Key Lawmakers From Both Parties Urge Trump to Fill Vacant IG Positions
President Trump should act immediately to fill vacant inspector general positions, a bipartisan, bicameral group of lawmakers is urging.
More than a dozen senators and House members signed their names to a pair of letters to the president, including the leadership of both chambers' executive branch oversight committees. The unfilled positions, the lawmakers said, threaten public safety, taxpayer dollars and the independence of the inspectors general.
Reps. Jason Chaffetz, R-Utah, and Elijah Cummings, D-Md., the chairman and ranking member of the House Oversight and Government Reform Committee, authored a letter to Trump on Monday, and Sens. Ron Johnson, R-Wis., and Claire McCaskill, D-Mo., the chairman and ranking member of the Senate Homeland Security and Governmental Affairs Committee, were joined by five Democrats and five Republicans to make their case to the president.
There are 11 current IG vacancies, according to the Project on Government Oversight. The Interior Department has not had a confirmed IG for more than seven years. Vacancies at the departments of Energy and Defense, as well as the Export-Import Bank, CIA, Office of Personnel Management and U.S. Postal Service have also persisted for more than one year.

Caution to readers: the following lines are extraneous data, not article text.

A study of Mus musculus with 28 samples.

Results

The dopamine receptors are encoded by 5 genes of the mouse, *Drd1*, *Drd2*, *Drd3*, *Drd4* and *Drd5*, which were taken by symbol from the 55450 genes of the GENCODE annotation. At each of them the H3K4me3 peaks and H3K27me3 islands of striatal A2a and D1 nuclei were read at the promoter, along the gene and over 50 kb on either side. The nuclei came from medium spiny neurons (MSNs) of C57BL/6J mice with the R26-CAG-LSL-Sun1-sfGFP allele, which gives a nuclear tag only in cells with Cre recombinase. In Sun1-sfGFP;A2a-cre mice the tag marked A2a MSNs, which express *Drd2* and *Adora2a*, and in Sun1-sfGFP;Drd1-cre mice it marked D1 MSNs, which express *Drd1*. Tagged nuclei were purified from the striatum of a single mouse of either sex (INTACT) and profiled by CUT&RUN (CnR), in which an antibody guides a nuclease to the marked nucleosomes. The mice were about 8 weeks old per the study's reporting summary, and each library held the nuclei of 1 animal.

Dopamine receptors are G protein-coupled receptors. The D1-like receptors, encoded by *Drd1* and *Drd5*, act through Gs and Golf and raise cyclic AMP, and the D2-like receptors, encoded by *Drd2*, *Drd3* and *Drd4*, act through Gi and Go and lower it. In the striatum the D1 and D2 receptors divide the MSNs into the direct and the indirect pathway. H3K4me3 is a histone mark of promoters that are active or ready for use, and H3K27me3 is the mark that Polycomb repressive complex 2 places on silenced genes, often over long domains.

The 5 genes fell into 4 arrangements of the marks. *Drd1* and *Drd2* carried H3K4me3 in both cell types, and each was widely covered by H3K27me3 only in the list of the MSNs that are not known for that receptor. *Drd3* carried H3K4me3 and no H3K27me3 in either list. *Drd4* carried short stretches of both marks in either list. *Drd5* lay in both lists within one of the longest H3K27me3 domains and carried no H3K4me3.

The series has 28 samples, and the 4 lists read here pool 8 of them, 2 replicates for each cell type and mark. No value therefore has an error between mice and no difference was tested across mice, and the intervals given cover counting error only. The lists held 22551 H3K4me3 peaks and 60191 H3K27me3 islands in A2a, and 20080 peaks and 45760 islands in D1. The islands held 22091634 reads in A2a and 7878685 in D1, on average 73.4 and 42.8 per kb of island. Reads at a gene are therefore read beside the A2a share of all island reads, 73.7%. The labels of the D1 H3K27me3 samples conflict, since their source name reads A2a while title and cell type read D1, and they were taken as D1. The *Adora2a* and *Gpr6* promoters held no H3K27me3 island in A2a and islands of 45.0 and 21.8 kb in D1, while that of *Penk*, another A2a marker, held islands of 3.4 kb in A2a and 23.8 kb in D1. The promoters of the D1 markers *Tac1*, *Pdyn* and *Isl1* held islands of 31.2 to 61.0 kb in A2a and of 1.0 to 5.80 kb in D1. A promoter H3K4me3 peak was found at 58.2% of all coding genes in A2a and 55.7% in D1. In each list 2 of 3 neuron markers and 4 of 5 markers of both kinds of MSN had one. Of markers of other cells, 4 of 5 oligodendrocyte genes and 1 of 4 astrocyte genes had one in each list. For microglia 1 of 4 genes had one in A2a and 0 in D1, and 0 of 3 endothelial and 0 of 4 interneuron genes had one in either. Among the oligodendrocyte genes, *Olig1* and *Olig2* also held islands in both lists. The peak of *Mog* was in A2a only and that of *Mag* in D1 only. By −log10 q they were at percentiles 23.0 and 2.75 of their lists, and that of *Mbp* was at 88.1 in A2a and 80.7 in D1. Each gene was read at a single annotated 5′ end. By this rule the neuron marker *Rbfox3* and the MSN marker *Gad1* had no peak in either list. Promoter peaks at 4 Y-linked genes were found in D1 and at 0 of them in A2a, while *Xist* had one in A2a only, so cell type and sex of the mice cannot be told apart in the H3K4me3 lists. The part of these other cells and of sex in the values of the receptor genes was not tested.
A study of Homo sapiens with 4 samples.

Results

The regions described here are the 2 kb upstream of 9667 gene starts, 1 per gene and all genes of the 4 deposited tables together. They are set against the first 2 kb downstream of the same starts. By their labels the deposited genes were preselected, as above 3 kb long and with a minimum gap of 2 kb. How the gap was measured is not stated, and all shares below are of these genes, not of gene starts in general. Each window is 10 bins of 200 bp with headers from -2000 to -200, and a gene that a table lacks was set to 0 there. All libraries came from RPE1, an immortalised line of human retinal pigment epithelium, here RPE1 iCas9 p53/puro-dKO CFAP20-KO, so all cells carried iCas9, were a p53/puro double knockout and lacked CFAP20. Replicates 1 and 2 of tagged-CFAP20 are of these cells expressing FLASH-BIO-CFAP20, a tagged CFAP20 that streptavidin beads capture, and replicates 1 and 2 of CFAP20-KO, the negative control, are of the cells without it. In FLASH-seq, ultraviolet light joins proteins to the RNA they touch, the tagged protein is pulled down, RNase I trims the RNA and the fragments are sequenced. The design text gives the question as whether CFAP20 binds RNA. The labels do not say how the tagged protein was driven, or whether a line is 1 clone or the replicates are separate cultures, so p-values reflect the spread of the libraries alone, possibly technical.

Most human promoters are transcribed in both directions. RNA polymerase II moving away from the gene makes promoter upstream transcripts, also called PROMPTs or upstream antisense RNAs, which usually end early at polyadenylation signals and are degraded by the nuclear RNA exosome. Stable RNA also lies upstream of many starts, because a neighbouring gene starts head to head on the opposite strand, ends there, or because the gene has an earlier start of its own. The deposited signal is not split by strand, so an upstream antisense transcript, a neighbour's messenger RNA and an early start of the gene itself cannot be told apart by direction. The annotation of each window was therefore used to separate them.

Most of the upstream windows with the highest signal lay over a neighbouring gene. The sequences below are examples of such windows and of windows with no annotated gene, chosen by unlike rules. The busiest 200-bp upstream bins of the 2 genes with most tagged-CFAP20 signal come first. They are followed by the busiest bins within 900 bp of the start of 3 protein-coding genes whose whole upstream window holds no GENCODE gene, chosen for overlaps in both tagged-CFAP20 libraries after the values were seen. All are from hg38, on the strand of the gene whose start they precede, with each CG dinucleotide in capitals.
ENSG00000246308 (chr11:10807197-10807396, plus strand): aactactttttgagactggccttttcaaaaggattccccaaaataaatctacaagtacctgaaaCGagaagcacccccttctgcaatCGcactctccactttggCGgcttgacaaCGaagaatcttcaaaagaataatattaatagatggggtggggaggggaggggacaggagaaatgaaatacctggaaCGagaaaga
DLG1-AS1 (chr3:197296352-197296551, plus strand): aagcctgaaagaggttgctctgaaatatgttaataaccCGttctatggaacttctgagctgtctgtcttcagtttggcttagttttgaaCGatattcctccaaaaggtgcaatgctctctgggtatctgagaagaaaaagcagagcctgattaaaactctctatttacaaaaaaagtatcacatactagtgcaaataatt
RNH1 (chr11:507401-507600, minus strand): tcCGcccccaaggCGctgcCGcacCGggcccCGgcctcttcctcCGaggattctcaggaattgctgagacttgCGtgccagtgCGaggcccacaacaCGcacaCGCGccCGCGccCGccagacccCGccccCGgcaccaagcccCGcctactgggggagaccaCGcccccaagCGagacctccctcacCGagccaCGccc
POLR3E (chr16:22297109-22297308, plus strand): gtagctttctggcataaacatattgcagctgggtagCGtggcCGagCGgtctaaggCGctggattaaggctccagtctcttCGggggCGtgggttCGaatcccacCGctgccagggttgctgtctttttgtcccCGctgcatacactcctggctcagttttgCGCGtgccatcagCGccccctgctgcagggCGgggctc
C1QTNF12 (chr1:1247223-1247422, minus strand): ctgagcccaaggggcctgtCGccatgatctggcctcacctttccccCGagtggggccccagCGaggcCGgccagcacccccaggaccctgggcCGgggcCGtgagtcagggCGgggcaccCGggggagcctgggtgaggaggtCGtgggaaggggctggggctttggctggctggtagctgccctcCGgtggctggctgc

“Inspectors general are essential to the functions of the federal government,” Chaffetz and Cummings wrote. “IGs also provide countless benefits to taxpayers. For every dollar invested in IGs, there is an estimated return of investment of $14; or $36.6 billion in fiscal year 2015 alone.”
The Trump administration has taken steps to find candidates for the vacancies, the senators noted in their letter, meeting with the Council of Inspectors General on Integrity and Efficiency to review potential IGs. They asked Trump to take “swift action” to fill the positions, noting the individuals currently serving in acting capacities are not an adequate substitute for a confirmed official.
“While many acting IGs have served admirably in the absence of permanent leadership, the lack of a permanent leader threatens to impede the ability of these offices to conduct the oversight and investigations necessary to ensure taxpayer dollars are protected, public safety risks are identified, and that whistleblowers who expose waste, fraud, and abuse are protected,” the senators wrote. They added the lack of confirmed IGs could create potential conflicts of interest.
The senators offered to work with the administration to identify “qualified and capable candidates for these positions.”